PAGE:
When a speechless young boy and his father move into a new house, the boy finds an old mirror and instructions to summon a djinn. But his heart’s desire may have unintended consequences in this enthusiastically heartfelt supernatural horror.
When Dylan (Ezra Dewey) and his father Michael (Rob Brownstein) arrive in their deceptively modern-looking eighties apartment, little about it screams of the supernatural. The Djinn’s empty, beige interiors make The Exorcist and Poltergeist’s haunted suburbias look positively baroque by comparison. Even a synth-scored unpacking montage and a tank of tropical fish aren’t really enough to make the place feel lived in, and what few belongings the Jacobs family bring along seem designed more to set up future setpieces than to turn the house into a home. An early exchange revealing the demise of its previous occupant hardly bodes well. The stage is set for a low-budget jump-fest full of cheap thrills and stereotypical characters. The Djinn’s greatest achievement, then, is that it sidesteps these expectations entirely, instead delivering a solidly entertaining and surprisingly character-driven story of grief, guilt and the dangers of finding old books in cupboards.
The plot itself is simple enough. With his father out working at a late-night radio station, Dylan decides to summon a djinn, hoping it will grant him the voice he lacks and so desperately wants. For that to happen, however, he must survive an hour in its’ presence, as it shape-shifts into all manner of villains and ne’er do wells. Cue a series of pleasantly inventive set pieces as Dylan defends himself, Home Alone–style, from the titular monster.
The by-the-numbers conceit works far more than it has any right to, thanks largely to the relationship between Dewey and Brownstein. An early food fight starts a touching portrait of a father and son trying to do their best for each other. Their bond is both loving and deceptively uncomplicated in a way which feels both refreshing and believable. As Dylan gets into more and more unsavoury situations, the memory of this relationship—probably more than Dewey’s performance in isolation—is what really ramps up the sense of dread. We worry about Dylan not just for his own sake, but for his dad’s too, and the need to save the family from any more heartbreak.
Matthew James’ eighties synth score is another highlight. Evoking 80s nostalgia more than the 80s themselves, it lends the quieter moments a wistful and endearing quality; as much a testament to the innocence of childhood as to the decade itself. The Djinn knows exactly when to racket up and release tension, unafraid to leave Dylan and the audience in silence for extended periods. The score in these sections is functional, if not ground-breaking, imbuing a sense of dread without telegraphing scares in advance.
There are moments when the film’s ambition seems to outreach its means, however, as lingering visual effects shots allow the limited budget to shine through. The stunts too tend to lack the physical heft required to inspire genuine peril, leading us to wonder why a twelve-year-old boy is able to fend off an ancient (and adult-sized) demonic spirit. When the djinn is allowed to linger at the edge of the frame, though, its design is genuinely creepy, an old circus master crossed with a shadow puppet. These moments of restraint grow all the rarer as the film enters its third act, though, and the film suffers for it.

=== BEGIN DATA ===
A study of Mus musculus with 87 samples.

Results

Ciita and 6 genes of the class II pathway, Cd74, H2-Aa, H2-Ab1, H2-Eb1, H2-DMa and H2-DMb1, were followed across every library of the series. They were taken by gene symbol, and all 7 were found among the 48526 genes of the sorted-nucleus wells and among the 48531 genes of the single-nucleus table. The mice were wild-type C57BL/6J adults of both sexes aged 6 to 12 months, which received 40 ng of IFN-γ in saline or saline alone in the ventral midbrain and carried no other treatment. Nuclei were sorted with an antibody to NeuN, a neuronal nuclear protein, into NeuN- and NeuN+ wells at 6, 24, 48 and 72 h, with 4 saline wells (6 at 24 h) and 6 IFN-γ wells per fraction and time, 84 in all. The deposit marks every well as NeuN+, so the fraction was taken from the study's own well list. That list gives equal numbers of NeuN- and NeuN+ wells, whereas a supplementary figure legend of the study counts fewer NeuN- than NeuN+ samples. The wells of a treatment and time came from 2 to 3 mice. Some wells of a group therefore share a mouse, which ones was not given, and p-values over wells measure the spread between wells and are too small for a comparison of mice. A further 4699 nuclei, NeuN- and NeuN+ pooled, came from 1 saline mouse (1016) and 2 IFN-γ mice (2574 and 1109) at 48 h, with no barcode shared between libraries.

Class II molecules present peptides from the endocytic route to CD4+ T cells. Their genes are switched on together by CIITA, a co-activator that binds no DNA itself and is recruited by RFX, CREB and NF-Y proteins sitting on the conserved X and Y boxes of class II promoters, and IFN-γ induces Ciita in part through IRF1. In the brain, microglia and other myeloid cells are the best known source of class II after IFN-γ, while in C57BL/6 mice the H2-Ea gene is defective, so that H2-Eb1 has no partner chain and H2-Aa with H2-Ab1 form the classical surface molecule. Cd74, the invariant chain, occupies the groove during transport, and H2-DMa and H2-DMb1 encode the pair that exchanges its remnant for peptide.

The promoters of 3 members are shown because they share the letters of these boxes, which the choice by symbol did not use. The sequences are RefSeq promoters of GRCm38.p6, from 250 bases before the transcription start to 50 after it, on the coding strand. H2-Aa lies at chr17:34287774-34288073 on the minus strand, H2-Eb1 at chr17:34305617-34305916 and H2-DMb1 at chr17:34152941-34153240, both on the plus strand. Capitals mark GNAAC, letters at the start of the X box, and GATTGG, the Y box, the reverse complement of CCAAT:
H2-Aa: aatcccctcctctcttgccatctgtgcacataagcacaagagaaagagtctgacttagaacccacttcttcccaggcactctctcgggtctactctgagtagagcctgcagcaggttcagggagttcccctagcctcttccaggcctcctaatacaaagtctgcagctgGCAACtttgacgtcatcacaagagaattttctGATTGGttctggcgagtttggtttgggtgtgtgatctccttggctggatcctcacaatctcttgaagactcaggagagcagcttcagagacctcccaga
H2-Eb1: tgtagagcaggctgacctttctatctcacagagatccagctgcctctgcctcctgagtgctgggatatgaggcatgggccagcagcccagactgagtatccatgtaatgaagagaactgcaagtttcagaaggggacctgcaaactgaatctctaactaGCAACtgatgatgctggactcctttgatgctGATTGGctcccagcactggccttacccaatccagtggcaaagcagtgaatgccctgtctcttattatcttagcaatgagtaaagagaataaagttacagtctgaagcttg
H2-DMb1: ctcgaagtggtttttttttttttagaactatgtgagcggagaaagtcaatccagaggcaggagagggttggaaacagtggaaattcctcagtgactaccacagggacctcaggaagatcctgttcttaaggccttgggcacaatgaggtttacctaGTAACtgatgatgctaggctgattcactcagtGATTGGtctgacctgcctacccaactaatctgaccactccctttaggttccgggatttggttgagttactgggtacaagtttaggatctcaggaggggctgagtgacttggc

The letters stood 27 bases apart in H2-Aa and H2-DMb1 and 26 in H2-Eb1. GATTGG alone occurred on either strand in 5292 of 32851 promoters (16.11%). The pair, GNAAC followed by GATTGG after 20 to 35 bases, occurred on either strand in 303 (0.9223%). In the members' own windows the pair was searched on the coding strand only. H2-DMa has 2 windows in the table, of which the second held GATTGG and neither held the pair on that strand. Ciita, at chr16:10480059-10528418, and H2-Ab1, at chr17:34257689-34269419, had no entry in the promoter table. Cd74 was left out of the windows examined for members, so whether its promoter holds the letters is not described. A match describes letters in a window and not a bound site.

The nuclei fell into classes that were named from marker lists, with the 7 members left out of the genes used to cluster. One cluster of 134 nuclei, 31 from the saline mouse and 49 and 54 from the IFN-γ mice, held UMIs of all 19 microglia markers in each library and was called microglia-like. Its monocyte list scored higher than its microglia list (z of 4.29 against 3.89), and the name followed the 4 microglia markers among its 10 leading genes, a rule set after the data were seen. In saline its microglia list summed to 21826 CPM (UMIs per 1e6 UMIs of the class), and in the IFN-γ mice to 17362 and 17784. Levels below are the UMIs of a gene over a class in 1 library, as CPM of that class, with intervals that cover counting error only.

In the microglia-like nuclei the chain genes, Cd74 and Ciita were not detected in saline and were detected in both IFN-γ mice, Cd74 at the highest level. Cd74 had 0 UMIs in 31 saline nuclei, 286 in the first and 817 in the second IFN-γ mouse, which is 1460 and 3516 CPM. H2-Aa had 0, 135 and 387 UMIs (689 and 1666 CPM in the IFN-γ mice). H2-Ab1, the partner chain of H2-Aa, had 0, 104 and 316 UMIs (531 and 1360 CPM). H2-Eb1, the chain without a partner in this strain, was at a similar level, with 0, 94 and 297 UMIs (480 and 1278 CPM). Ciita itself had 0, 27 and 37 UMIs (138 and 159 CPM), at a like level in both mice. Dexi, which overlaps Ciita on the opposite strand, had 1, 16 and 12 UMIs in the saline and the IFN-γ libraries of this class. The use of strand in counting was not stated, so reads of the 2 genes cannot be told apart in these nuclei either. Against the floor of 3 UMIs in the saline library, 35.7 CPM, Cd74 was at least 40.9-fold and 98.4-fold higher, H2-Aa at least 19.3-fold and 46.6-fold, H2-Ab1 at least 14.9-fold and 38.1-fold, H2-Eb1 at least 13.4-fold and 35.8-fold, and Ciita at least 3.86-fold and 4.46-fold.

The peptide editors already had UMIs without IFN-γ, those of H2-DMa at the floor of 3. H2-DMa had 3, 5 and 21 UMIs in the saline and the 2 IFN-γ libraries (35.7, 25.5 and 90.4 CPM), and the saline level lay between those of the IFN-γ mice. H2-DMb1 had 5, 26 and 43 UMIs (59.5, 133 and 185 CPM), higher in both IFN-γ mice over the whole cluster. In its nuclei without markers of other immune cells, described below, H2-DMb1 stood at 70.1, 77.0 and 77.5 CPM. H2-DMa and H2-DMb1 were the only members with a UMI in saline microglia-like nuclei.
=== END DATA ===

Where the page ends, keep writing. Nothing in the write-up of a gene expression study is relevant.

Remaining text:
The ending—or rather, endings—are also a bit of a let-down. The film essentially has two, concluding concurrent narratives which struggle to agree with each other. This unfortunately places the film in a strange position by the end, seemingly unsure what it’s trying to say. While the ‘be careful what you wish for’ message feels like the obvious thematic takeaway, the story seems to more organically strain in another direction entirely. While perhaps a more polished script could have balanced these two themes throughout, here one of them feels a little perfunctory, and threatens to undermine the film’s emotional core.
But still, these qualms sound slightly mean-spirited in the face of what is clearly a labour of love from writer/directors David Charbonier and Justin Powell. They have taken what seems at first to be a fairly perfunctory premise and expanded it into something empathetic, good-natured and at least a little bit scary. For a film of this size and scale, what more could you wish for?
The Djinn is a fine example of low-budget horror filmmaking, its simple concept buoyed by a genuine love for the genre and strong performances from Dewey and Brownstein. While an overreliance on some shonky visual effects threatens to overshadow its monster’s menace, not even a malevolent smoke-demon could take away its heart.
Words by James Harvey
‘The Djinn’ is released in cinemas 17th September.